Moving with Kids in Tow – How to Avoid Moving-Day Blues

Moving with Kids in Tow – How to Avoid Moving-Day Blues

Moving was hard during your college years, but with kids in tow? That comes with challenges that many a parent would wish away if they could. With a million details to see to, is it unrealistic to hope for a scream-free moving day?


Some savvy parents have suggested sending your kids to be with relatives during the height of your move. But not everyone has relatives close enough or capable of pulling babysitting duty. If you fall in that category, Mom and Dad, we’ve got you covered. Read on for a battle plan to get you through the chaos of a move without losing your cool.

  1. Breaking the news.


Properly preparing your kids can be the difference in helping them cope and experience an easier transition. How far in advance should you break the news? From 3-4 weeks will give you both time and space to deal with the emotional fallout well enough in advance of moving day.


Fear of the unknown is a common trouble for adults and kids alike. The way to help alleviate this type of anxiety is by providing as much information as you can. Pull up maps of your new area. Research restaurants, shops, parks, the new school, and other points of interest.


  1. Hire professionals.


Gone are the days when all your belongings could fit in the back trunk of your Volvo. Neither should you try. Professional movers can ease much of the stress associated with moving and allow you to deal with the finer points that only you can take care of. According to this Beverly Hills moving company, “You also want movers with lots of experience who will show you how to pack and then come to your home and move all of your items fast and without any breakage problems. The right movers can make all the difference.”


  1. Scheduling it right.


Even with professional movers hired for moving day, you’re still the mastermind who has to make all the pieces come together. Take a hint from successful people from all walks of life – scheduling tasks is the way to go.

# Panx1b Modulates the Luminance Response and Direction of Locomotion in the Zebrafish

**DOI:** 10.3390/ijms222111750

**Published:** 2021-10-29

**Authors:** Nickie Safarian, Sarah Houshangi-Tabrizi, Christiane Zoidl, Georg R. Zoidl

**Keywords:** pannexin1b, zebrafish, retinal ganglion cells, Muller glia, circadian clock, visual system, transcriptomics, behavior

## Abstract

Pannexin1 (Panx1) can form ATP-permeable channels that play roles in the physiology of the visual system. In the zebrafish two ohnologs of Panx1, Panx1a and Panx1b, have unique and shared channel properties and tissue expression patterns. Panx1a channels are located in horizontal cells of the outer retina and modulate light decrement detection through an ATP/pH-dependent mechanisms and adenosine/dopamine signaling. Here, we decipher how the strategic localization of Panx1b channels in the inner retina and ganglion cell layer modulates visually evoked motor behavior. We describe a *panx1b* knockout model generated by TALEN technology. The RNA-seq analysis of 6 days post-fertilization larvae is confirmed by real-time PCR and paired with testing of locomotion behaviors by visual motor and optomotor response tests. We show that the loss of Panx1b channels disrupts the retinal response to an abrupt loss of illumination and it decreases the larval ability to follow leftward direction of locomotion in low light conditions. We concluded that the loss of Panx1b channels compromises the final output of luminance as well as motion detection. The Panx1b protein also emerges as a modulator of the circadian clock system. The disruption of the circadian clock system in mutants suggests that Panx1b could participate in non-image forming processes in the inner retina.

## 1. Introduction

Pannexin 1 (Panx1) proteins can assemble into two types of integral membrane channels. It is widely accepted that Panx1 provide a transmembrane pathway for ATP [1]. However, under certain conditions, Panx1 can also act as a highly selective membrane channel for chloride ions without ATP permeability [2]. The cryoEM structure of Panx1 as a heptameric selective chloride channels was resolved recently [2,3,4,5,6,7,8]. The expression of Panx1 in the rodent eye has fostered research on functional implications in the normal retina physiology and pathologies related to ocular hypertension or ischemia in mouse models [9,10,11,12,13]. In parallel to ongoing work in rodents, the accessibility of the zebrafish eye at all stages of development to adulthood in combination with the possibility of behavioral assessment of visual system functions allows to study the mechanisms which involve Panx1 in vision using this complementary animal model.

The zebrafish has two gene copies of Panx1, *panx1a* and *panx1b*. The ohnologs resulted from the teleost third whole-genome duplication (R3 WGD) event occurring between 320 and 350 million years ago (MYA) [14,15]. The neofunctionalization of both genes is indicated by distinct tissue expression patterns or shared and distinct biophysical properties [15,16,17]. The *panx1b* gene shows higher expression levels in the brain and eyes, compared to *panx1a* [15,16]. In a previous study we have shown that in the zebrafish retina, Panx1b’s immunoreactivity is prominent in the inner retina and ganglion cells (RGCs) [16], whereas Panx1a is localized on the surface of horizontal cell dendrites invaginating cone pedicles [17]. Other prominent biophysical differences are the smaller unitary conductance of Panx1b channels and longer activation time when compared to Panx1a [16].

As far as 4 weeks out, start a schedule as to what needs to be done each week prior to your move. And then create and schedule tasks for after the move. Having a master schedule that everyone in the family can see and refer to, and add to as needed, will keep everyone on the same page and minimize conflicts.

  1. Pack one overnight bag per child.


It’s a rare move where something doesn’t go missing at some point. Even with the most organized mover at the helm, chances are high that you’ll have a child or two complain about not being able to find some item. They need it immediately and can’t live another moment without it.

A week prior to moving day, start up a list of what should go into your kid’s overnight bag. Even with children old enough to get a bag like this ready, double check the contents just in case. Essentials include personal entertainment devices, snacks, PJs, their toothbrush, etc.

  1. Have a fail-proof meal plan for feeding the team.

Moving blues have been known to come to a breaking point amid the chaos and uncertainty of a new place. Tempers can flare when dinners are pushed back because you can’t find the box the plates were packed in. No one is in a sane frame of mind when stomachs are growling. With so much going on to set up your home, you might not be up for cooking full on meals for a couple of days after you arrive. Cut yourself some slack and have takeout numbers ready. Or find a family-friendly restaurant to eat out at. Having a solid plan of what you’ll do for food for the first couple of days will spare you a good number of meltdowns – we promise.